Though body cameras in the police force have gotten a lot of press lately, they're not the only emergency responders wearing the technology.
The San Bernardino County Fire Department released a video from one of its firefighters, showing just how intense fighting a house fire can be and how calm the men remain while tackling the flames.
When the firefighter pulled up to the blaze on July 29, the flames had already engulfed the side of the house and were spewing out of the garage, hinting at the dangerous inferno within.
Fellow firefighters in the video are seen diligently getting ladders and hoses into position as smoke poured out from below the roof of the home.
Prepared for whatever they might face in order to access all areas of a structure during a fire, the firefighter whose point-of-view the video shows us at one point uses a power tool to saw through a locked fence.
At 3:45 into the footage, the firefighter climbs onto the roof, following another firefighter who tested it for strength as they moved forward. He cut a couple of holes in the roof, which the Sauk City Fire Department explained helps release smoke and gases, making it easier for firefighters inside the structure to see and those outside to see where the fire progressed. The fire department also said it can reduce the possibility of explosion.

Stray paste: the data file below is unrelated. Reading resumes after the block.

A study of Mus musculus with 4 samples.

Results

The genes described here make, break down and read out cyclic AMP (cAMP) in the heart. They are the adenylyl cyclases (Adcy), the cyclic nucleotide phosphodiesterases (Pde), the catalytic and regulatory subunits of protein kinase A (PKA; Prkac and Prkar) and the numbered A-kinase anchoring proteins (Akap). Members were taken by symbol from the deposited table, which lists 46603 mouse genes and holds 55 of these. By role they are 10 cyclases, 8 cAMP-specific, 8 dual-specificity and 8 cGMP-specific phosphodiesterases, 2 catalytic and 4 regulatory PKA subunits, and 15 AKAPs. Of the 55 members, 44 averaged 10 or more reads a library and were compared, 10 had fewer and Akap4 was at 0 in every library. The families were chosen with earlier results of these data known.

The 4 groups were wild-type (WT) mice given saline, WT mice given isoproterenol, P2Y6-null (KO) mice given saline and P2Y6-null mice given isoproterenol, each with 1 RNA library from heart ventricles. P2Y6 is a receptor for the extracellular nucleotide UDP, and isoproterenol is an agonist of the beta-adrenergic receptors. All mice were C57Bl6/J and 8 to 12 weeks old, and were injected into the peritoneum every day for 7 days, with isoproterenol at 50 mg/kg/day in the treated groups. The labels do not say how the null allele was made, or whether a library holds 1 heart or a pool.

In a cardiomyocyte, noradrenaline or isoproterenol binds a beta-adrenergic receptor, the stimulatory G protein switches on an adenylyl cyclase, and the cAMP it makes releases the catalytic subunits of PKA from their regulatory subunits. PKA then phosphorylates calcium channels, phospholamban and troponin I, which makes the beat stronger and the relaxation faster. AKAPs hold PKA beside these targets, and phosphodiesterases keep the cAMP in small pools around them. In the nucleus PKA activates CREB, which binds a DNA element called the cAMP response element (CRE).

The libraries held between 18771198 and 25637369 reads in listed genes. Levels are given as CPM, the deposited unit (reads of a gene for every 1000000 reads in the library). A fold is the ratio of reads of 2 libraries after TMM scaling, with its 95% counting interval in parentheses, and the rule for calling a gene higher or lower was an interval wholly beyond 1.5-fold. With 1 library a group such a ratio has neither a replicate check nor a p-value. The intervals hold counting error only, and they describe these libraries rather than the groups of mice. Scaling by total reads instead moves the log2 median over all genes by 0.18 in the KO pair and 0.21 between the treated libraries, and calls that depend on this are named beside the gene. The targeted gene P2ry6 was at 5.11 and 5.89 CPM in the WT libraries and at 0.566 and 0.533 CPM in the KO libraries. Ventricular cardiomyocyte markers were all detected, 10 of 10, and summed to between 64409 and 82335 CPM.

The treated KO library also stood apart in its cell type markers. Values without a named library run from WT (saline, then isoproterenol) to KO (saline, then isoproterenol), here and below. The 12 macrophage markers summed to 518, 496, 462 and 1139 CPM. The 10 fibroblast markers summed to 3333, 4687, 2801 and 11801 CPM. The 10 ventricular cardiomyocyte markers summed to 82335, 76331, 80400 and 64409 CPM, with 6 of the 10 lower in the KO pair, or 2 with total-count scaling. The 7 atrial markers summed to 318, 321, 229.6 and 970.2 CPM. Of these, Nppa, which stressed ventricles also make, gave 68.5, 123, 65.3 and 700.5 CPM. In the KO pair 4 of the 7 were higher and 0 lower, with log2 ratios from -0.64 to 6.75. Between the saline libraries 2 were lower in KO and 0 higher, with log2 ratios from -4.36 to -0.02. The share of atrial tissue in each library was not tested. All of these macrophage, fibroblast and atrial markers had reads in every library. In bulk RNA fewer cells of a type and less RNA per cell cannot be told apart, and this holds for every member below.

This firefighter continued to cut as flames whipped up toward his mask.
Watch the footage:
It only took the crew 30 minutes to get the fire of this home and another that subsequently caught fire under control.
All inhabitants of the home — three adults and four children — were safely outside when fire crews arrived. The family's dog was found inside the home and reunited with them.
The cause of the fire, which is estimated to have caused $150,000 in damage, is still under investigation.
"Remember to have and practice a home escape plan, including your families meeting place. This avoids confusion in case of an emergency, and allows your family to account for each family member," the San Bernardino County Fire Department said in its description of the video.
Watch KTLA-TV's report:
The department purchased the cameras last year and said it used the footage for training purposes.